The oldest known surviving prisoner from the Nazi death camp of Auschwitz-Birkenau has died in Poland at the age of 108.
Antoni Dobrowolski was a primary school teacher who held secret classes during the World War Two occupation of his country when education was banned by the German occupiers.
His death in the town of Debno, northwest Poland, was announced by historian Adam Cyra who works at the Auschwitz-Birkenau memorial and museum.
Mr Dobrowolski was arrested in 1942 by the Nazis' Gestapo secret police for holding underground classes.
He was first sent to Auschwitz, in annexed Polish territory, and later transferred to Gross Rosen and Sachsenhausen, both in Germany.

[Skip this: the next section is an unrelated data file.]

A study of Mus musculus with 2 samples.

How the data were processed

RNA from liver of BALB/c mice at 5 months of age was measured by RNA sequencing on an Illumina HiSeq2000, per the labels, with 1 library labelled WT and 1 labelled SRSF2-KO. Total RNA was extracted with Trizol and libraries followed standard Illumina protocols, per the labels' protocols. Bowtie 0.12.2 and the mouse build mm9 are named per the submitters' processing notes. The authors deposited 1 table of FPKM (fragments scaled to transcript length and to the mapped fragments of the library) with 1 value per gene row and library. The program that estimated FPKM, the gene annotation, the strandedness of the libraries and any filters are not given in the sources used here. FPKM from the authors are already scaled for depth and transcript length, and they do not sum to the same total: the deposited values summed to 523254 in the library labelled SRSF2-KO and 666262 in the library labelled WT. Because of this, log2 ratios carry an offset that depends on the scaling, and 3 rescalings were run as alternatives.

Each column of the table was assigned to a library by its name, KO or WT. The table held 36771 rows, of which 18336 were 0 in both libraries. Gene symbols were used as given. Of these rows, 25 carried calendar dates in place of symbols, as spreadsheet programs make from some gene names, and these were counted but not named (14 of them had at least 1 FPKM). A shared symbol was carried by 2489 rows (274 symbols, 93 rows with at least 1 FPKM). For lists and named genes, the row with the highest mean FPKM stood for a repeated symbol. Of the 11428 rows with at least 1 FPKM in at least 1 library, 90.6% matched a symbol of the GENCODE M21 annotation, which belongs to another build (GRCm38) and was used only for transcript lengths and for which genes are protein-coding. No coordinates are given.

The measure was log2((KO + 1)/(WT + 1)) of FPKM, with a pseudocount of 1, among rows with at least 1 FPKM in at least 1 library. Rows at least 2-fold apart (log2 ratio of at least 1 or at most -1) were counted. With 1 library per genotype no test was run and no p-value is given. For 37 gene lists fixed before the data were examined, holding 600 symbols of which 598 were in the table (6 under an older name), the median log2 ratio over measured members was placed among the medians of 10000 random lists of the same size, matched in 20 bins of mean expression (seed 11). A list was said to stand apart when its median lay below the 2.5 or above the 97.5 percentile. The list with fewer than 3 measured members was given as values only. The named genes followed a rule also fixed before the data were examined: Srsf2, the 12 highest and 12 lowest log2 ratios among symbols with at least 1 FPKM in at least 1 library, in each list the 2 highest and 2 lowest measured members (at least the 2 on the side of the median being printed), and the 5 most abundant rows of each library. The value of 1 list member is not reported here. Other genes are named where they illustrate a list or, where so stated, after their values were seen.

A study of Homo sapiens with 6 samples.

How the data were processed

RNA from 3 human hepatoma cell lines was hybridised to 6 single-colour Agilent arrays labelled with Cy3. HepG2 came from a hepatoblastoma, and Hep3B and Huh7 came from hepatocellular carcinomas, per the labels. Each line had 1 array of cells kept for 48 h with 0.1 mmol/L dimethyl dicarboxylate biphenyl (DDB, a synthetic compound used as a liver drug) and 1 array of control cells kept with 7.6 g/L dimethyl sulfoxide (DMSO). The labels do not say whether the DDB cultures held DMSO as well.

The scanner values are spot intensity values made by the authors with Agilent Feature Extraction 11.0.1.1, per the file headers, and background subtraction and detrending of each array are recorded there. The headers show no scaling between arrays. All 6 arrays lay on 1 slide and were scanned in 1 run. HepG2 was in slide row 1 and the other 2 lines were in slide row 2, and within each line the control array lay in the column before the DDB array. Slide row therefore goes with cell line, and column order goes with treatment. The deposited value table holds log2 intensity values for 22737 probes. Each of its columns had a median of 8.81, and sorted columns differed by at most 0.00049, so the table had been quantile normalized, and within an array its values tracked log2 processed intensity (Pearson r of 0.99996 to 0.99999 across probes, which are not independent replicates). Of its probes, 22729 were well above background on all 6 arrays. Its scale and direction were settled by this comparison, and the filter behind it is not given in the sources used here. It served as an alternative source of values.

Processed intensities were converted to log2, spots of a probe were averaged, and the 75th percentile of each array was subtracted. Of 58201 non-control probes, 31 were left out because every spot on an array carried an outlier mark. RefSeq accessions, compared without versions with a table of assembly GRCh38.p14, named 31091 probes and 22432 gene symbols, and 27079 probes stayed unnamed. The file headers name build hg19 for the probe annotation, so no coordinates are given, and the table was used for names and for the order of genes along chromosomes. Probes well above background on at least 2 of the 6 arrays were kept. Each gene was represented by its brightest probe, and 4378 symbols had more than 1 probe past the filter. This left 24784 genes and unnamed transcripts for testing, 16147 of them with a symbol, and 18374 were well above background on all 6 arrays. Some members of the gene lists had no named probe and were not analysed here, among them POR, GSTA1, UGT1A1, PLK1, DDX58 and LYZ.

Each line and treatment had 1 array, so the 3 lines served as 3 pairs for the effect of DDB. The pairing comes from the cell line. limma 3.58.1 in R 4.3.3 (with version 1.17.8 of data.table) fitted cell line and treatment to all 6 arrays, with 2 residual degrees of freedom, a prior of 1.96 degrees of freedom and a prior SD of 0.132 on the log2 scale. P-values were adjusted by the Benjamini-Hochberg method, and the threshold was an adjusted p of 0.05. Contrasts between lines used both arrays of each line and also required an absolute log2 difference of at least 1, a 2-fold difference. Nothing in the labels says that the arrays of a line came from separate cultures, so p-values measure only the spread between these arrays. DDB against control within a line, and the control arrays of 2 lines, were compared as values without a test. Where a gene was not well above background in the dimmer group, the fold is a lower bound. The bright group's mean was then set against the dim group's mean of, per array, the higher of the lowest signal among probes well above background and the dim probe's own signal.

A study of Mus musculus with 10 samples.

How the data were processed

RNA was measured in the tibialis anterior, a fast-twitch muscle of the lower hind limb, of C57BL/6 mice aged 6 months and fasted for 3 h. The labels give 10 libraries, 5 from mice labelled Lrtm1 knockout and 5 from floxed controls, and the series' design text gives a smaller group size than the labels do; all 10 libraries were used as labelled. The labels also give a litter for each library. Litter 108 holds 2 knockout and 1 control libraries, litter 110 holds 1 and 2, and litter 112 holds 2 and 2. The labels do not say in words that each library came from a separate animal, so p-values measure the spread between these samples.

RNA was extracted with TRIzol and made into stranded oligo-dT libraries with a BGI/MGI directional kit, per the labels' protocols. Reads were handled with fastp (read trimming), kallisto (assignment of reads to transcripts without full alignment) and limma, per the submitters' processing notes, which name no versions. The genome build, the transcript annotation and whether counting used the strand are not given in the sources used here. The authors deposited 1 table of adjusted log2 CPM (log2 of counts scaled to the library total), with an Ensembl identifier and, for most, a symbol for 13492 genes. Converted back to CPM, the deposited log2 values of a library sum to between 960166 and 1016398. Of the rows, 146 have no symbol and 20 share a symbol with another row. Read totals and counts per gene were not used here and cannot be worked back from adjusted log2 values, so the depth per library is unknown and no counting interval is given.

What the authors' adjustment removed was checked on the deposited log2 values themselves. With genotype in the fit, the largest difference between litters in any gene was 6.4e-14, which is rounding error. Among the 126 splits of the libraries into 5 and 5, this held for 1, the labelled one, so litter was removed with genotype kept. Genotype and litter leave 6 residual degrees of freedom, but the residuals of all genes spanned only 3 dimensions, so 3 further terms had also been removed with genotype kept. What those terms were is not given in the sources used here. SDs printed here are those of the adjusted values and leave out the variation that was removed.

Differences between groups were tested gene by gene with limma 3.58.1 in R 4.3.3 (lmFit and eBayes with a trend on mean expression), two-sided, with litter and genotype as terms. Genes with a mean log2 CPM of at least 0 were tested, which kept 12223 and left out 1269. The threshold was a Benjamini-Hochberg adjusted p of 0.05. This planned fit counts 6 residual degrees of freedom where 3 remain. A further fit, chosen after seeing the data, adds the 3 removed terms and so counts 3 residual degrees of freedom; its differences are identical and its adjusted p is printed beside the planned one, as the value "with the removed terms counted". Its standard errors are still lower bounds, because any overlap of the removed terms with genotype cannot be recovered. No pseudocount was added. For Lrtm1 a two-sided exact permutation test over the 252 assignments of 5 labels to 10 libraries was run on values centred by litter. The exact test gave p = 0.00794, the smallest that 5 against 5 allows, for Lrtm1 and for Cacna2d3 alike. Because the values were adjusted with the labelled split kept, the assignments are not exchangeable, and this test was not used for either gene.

The teacher, who was not Jewish, survived until the latter camp was liberated by Soviet and Polish forces in 1945.
Returning to Poland after the war, he first ran a primary school in Debno and then a secondary school.
Auschwitz-Birkenau is the most enduring symbol of the Holocaust, Nazi Germany's WWII campaign of genocide against Europe's Jews.
After the war's end in 1945, it was transformed into a memorial and museum by Poland.
A year after invading Poland in 1939, the Nazis opened what was to become a vast complex on the edge of the southern town of Oswiecim - Auschwitz in German - initially to hold and kill Polish prisoners such as Dobrowolski.
They later expanded it to the nearby village of Brzezinka, or Birkenau, as they took the Holocaust to an industrial scale.
Of the six million Jews killed by the Nazis during the war, one million were murdered at the camp, mostly in its notorious gas chambers, along with tens of thousands of others.
The Germans killed at least 1.1 million people at Auschwitz. Most of the victims were Jews, but many non-Jewish Poles, Roma and others were also killed.